California business owners who read this blog are hopefully aware of the myriad laws governing the employer-employee relationship. These laws can also apply to soon-to-be former employees. As an disgruntled ex-employee can spell trouble for your business, read on to learn more about what you need to keep in mind when firing an employee in California.
Before terminating an employee in California, an employer really must create documentation that highlights the reasoning for and circumstances surrounding the termination. This serves two purposes. First, it sets forth the facts and circumstances of the termination, and removes uncertainty and ambiguity over the reasons for letting the employee go. Second, it may help the employer defend against potential legal claims that may be later brought by the terminated employee.
It is also important to note that both federal and state laws require employers to provide employees with certain documents upon their termination. This list includes, but is not limited to:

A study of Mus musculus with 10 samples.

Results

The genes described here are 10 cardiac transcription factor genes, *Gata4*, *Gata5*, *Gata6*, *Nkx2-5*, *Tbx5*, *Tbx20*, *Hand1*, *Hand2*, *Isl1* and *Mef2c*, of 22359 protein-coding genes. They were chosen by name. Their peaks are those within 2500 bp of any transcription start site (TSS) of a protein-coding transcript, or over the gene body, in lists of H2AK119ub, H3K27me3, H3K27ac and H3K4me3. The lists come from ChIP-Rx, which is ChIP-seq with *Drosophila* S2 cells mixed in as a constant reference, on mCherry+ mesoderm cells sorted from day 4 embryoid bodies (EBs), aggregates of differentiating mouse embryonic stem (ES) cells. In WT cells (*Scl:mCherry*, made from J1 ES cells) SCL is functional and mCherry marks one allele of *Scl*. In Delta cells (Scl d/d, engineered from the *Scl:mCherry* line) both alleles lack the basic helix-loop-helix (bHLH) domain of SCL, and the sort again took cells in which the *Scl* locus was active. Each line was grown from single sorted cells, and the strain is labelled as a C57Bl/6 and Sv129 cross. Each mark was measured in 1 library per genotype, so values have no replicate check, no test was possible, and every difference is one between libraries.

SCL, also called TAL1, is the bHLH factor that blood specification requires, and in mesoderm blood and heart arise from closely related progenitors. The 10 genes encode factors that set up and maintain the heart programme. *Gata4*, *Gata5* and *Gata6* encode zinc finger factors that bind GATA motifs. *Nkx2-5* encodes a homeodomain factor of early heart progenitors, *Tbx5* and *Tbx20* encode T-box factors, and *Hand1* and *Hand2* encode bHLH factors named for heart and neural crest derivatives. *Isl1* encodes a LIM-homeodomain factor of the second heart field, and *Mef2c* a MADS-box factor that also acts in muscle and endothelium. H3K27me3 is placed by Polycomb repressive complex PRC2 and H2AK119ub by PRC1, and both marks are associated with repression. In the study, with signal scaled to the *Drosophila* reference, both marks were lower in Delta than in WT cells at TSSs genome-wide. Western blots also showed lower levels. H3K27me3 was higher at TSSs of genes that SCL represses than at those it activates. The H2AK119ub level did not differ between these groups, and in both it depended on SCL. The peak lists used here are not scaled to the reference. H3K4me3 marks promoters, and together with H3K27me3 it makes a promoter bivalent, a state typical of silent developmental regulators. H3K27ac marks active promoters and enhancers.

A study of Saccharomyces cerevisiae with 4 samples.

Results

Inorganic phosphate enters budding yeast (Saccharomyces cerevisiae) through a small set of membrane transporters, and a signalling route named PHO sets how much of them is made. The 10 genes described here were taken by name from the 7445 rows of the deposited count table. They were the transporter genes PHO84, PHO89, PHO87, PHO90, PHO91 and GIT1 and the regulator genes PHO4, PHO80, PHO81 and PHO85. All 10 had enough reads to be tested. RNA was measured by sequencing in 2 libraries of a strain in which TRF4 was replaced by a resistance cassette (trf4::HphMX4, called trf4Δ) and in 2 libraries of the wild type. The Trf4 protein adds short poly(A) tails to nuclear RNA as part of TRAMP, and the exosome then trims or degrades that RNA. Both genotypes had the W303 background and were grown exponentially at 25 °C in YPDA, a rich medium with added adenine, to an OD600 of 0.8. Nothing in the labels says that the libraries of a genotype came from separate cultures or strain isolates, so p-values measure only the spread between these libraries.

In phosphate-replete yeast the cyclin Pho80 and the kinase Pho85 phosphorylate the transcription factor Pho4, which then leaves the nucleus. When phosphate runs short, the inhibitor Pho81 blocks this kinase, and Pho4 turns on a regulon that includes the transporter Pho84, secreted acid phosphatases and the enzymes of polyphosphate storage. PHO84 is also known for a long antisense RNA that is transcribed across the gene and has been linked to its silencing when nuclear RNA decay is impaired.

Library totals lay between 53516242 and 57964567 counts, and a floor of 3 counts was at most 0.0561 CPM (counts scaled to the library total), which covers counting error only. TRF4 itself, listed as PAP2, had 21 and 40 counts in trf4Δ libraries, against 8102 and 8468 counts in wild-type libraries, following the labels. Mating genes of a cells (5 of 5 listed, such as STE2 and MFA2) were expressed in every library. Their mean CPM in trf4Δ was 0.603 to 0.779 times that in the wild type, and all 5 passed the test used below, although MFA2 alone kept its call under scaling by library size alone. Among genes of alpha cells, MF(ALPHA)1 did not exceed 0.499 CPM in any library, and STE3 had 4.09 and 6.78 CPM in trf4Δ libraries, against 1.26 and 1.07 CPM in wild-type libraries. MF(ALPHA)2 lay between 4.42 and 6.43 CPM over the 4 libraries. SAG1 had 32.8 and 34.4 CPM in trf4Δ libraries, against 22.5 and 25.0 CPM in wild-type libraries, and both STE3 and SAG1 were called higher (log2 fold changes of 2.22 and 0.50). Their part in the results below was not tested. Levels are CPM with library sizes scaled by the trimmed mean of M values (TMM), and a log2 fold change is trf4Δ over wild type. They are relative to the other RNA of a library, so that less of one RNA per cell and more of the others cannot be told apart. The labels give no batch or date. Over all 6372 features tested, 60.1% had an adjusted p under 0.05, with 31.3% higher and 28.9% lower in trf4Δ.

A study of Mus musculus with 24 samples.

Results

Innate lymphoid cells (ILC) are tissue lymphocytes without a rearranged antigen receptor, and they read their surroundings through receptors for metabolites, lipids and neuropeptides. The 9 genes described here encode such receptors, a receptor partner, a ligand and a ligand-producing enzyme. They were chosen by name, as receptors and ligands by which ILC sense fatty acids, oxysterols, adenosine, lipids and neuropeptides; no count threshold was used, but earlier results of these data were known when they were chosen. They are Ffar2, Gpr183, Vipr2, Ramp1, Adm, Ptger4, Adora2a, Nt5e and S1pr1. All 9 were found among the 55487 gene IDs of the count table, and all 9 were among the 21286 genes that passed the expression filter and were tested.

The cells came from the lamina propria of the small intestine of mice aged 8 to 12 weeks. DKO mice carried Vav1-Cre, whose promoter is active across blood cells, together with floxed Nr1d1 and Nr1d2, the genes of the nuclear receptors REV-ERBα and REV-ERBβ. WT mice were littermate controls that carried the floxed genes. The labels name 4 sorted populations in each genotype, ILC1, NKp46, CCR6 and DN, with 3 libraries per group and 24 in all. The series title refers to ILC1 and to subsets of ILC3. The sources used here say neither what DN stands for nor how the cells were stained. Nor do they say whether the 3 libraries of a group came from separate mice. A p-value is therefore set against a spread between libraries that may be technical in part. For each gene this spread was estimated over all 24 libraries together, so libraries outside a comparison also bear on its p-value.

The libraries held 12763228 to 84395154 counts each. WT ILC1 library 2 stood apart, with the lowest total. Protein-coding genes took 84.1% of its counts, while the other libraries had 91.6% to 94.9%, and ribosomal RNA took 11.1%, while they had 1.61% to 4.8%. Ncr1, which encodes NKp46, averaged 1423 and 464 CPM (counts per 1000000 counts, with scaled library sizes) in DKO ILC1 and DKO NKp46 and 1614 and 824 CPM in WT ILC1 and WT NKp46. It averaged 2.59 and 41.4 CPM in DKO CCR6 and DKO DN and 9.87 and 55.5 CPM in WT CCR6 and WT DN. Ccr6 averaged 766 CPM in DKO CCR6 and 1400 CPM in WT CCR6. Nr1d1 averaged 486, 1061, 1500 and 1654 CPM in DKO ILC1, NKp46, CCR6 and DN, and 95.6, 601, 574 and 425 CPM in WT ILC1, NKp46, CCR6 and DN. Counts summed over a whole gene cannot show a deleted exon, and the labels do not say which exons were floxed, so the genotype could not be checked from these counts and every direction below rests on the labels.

· Notice to Employee as to Change in Relationship (required under California Unemployment Insurance Code 1089)
· For Your Benefit, California’s Program for the Unemployed (published by the EDD)
· COBRA and Cal-COBRA notices (can be obtained from health insurance provider)
· Health Insurance Premium (HIPP) Notice (for employers with 20 or more employees, the Department of Health Care Services requires this form)
Additionally, final wages must be paid at the time of termination, and must include all accrued but unused sick pay and vacation pay, assumed such are provided as benefits.
For more information on employee termination best practice, contact employment attorney Drew E. Pomerance today.